Just like London buses, the woes suffered by the charity sector over the summer all arrived at pretty much the same time. Widespread allegations of inappropriate fundraising methods and accusations of data protection breaches were topped by revelations of financial mismanagement at the Kid’s Company and its subsequent closure.
But it was the perceived poor fundraising behaviour of many charities which drew much of the public’s ire, prompting a review of fundraising self-regulation by a cross-party panel of peers. The review panel, which published its findings in September, concluded that the current system of self-regulation was inadequate (the Independent described it as ‘weak’) and, in order to regain the public’s trust, charities’ fundraising operations had to be more robustly regulated.

Self-regulation with teeth

The review panel did not recommend introducing a statutory regime: to do so would be expensive and time consuming. However, it recognised that the current system of self-regulation, overseen by a number of different membership bodies with overlapping responsibilities, is inherently weak and lacks teeth.
Relying on a membership organisation to regulate the activities of its members (which fund it) is tantamount to biting the hand that feeds it. Under a non-statutory, regulatory regime, with limited enforcement capabilities, ensuring compliance with good practice guidelines can be difficult.
It was proposed that a new body, the Fundraising Regulator (FR), will replace the Fundraising Standards Board (FRSB) and will take over the Code of Practice from the Institute of Fundraising (IoF). The FR will be accountable to Parliament (via a select committee) and will take over the handling of complaints from the Public Fundraising Association (PFRA) and will have increased sanctions at its disposal for the non-compliance. It is proposed to restrict the latter to non-monetary sanctions such as naming and shaming, compulsory training, and the clearance of future fundraising plans. Finally, the panel recommended the creation of a Fundraising Preference Service allowing donors to opt-in. Rather than being funded by its members, the FR will be funded by charities with more than £100k fundraising income a year, and backed by the Charity Commission, a statutory regulated body.

Governance and the role of Trustees

The role played by trustees and senior managers in the oversight of fundraising activities was also reviewed. Trustees are legally bound to act in the interests of the charity and to ensure that any funds raised on its behalf are spent in accordance with its charitable objectives. How that money is raised in the first instance does not, at present, come under their legal remit although they should ensure that the charity is complying with the Code of Practice and behaving ethically.
The proposal that trustees should be more engaged with fundraising activities is simply an acknowledgement of the importance of fundraising in the relationship between a charity and its supporters.To remedy the perceived disconnect between some trustees and fundraising behaviour, the Charities (Protection and Social Investment) Bill, currently going through Parliament, contains a requirement for all trustees of charities with an income of over £1 million to report annually on their charity’s approach to fundraising, their use of third party fundraisers and the steps they have taken to protect vulnerable people from overzealous fundraising. This is important: transferring the onus for responsible fundraising activity to the trustees will help to give additional backbone to the self-regulatory regime.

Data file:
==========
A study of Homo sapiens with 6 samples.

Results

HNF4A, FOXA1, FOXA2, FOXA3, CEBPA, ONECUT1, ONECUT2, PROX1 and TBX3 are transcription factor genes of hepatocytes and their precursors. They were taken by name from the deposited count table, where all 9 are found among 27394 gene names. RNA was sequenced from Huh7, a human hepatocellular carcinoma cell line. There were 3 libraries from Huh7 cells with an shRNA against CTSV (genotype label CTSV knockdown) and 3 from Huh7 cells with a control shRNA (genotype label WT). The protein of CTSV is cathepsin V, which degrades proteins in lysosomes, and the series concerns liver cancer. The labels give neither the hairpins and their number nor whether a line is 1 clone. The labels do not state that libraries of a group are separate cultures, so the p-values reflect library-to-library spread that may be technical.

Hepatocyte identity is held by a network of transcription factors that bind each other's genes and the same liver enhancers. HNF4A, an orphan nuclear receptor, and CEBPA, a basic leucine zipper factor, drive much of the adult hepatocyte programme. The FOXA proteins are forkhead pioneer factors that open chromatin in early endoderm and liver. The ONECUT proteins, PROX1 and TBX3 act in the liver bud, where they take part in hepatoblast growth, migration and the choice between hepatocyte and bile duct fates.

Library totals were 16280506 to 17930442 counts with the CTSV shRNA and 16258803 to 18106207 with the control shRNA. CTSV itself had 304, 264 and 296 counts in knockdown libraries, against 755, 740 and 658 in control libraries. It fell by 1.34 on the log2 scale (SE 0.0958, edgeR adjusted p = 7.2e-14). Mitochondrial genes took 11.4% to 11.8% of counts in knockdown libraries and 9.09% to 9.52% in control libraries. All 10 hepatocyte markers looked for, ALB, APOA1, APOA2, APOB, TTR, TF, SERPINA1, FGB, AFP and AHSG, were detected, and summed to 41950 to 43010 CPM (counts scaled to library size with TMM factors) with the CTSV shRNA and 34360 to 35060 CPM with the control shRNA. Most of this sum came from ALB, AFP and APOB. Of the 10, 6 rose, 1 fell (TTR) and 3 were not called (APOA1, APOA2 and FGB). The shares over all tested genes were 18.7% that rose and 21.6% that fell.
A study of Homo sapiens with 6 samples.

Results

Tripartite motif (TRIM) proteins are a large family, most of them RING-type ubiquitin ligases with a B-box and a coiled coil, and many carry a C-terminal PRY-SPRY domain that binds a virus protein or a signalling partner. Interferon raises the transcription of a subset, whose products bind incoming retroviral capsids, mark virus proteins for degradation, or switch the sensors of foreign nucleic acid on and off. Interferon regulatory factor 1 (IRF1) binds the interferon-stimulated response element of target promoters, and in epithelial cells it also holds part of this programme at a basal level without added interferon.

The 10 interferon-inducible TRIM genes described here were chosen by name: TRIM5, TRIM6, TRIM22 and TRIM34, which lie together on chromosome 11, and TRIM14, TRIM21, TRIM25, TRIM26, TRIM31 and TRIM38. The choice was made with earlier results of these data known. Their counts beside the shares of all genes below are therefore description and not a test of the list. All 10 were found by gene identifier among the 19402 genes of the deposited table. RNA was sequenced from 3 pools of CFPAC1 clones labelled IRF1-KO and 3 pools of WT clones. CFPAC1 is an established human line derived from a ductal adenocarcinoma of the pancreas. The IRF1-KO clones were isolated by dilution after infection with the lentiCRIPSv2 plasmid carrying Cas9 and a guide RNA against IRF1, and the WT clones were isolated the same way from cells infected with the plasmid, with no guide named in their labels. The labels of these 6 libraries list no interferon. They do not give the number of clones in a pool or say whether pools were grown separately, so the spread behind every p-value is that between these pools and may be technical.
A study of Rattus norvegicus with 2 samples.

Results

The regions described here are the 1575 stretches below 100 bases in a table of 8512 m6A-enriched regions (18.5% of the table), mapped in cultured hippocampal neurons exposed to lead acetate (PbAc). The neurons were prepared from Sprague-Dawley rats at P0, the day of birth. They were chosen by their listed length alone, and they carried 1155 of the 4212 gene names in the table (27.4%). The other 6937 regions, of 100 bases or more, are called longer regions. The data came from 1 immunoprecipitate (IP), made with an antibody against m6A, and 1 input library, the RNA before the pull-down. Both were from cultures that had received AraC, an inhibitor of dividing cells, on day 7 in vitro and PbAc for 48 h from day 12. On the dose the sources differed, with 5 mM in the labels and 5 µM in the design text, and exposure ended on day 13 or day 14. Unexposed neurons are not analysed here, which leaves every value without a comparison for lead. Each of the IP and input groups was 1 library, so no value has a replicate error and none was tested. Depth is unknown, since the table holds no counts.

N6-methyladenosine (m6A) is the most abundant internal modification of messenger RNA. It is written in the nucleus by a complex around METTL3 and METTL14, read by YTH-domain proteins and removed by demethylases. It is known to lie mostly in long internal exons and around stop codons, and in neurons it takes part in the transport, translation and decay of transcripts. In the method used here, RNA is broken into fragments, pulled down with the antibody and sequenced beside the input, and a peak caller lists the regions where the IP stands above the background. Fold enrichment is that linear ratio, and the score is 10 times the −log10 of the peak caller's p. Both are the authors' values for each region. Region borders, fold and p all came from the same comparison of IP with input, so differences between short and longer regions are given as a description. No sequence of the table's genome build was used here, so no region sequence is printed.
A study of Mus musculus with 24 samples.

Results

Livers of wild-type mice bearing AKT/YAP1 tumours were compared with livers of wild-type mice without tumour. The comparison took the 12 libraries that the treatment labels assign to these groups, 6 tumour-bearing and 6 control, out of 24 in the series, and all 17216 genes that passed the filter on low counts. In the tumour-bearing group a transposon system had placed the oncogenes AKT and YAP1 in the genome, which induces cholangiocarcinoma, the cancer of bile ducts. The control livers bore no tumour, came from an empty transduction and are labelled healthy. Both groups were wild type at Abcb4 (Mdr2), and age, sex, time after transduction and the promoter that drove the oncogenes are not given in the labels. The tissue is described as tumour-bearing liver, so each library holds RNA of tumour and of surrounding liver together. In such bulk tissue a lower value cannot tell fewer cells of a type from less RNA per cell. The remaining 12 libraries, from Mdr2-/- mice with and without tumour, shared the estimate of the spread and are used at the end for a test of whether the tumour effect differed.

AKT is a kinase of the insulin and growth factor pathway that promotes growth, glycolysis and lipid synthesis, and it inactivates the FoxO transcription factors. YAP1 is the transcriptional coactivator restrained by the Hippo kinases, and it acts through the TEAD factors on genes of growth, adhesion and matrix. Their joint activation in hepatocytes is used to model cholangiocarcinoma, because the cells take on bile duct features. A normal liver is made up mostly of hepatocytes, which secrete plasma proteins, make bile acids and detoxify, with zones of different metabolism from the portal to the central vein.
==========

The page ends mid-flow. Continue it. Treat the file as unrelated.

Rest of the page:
The review panel recognised the crucial part played by statutory, regulatory bodies in charities’ fundraising efforts. It has requested the Information Commissioner’s Office (ICO) to produce guidance specifically for charities on data protection and their role as data controllers. Breaches of the data protection rules attract substantial fines and it would appear that not all charities are fully aware of their obligations under the Data Protection Act. This becomes even more crucial for charities employing third party fundraisers who need access to supporters’ data and are thus acting as data processors.
Under the Data Protection Act, the data controller is responsible for ensuring the data processors are acting in accordance with the eight data protection principles and have a contract in place which explicitly defines their obligations under the Act.
A more robust regulatory regime which ensures that all charities comply with best practice should help to restore public confidence in the sector after a pretty rough ride. Any help the Fundraising Regulator can provide in helping their members to comply with statutory duties, such as data protection, will also be warmly welcomed. The charity sector is big business now, and the public know that. This means that they expect a greater degree of professionalism and correct behaviour – particularly where third parties are involved. The sector might yet have cause to be thankful for their annus horribilus if it helps to restore their credibility in the eyes of those on whom they rely for their funds.
Rachel Gwynne is a lawyer with Wright Hassall LLP. She provides specialist corporate governance advice and support to not for profit organisations including a wide range of charities, social housing providers, trusts and voluntary organisations.